CSA Share Veggie Scoop: Kohlrabi

Rachel Mockler's photo of Morgen harvesting kohlrabi.
What is that?  That’s kohlrabi!  Kohlrabi comes from the German words for cabbage (kohl) and turnip (rϋbe).  It’s in the brassica family, along with broccoli, kale, cabbage, and the bok choi you’ve been enjoying each week.  These hearty greens do great in cold weather, which is just why you see them in early spring in Montana.  Many of the brassica family members actually taste better after a slight frost, sweetening up against the chill.

While the leaves of kohlrabi are edible and can be prepared interchangeably in recipes for collards, the treat in this cabbage-turnip is its bulb-like stem.  The stem tends to be sweeter than other brassicas and is good either raw or cooked (my favorite is slow roasted in the oven with a touch of whatever oil is on hand and sea salt).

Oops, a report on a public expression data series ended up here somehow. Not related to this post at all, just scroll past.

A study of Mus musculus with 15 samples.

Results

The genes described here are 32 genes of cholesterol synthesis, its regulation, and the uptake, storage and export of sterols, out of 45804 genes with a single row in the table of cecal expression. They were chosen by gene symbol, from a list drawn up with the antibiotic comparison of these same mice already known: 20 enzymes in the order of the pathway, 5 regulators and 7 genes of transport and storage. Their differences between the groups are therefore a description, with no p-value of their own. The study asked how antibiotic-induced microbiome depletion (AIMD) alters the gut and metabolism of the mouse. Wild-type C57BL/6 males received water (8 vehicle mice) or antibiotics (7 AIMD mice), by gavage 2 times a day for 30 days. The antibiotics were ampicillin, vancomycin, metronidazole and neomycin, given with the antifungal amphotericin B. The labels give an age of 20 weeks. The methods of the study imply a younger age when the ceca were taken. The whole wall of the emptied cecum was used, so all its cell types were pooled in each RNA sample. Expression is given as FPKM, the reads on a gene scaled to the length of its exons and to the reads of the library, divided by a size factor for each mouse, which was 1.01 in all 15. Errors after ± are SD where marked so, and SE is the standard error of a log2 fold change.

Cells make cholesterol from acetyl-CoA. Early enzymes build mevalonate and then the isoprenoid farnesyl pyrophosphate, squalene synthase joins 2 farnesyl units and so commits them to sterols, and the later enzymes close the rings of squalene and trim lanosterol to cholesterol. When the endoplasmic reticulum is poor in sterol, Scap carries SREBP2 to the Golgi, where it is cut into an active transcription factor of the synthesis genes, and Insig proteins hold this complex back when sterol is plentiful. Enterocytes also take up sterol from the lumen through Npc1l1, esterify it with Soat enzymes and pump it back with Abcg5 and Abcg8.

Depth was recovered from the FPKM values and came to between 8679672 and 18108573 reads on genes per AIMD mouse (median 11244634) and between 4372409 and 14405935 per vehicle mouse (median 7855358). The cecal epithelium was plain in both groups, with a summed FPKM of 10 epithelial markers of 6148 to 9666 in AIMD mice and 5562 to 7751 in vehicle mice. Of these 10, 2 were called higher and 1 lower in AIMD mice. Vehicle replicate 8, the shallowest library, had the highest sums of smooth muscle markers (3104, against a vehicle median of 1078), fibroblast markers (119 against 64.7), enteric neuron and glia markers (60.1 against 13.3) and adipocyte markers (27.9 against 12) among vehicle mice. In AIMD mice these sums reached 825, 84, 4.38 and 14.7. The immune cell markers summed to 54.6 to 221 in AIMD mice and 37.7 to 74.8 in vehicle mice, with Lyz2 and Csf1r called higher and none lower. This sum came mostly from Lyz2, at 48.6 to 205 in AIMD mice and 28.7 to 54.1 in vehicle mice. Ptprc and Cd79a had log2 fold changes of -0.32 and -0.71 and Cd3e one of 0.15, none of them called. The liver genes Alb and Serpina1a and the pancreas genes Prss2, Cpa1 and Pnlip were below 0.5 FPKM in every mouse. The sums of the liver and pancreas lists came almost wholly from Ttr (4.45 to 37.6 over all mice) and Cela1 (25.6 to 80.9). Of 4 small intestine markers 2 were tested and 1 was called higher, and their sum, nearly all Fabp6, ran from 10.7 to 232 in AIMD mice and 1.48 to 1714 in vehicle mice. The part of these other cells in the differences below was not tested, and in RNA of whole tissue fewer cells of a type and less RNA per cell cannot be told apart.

Kohlrabi has been around since at least the first century AD.  Apicius, who happened to write the oldest known cookbook on cooking and dining in imperial Rome, mentions the kohlrabi.  Charlemagne, who was crowned Emperor of the Holy Roman Empire in 800 AD, made orders for this lovely vegetable to be grown.  Now it is common to Indian and Chinese diets, as well as your own.

Here’s the skinny on kohlrabi: it’ll relieve your charlie horses with its richness in potassium.

Per one-half cup, kohlrabi has 19 calories, 2.5 grams of dietary fiber, 245 grams of potassium, 43.4 milligrams of vitamin C, 11.3 micrograms of folic acid, and 16.8 milligrams of calcium.

While I mentioned earlier that my favorite way to prep kohlrabi is roasting, barbeque season is upon us.  Below I’ll include a quick recipe for your next cook-out.

Grilled Kohlrabi
1 medium kohlrabi, peeled and cubed
Olive Oil
Balsamic Vinegar

Toss the kohlrabi in olive oil, sprinkle with salt and pepper. Wrap in foil. Grill over medium heat for 45 minutes, until kohlrabi is tender. Remove from the foil. Adjust seasoning and drizzle with balsamic vinegar.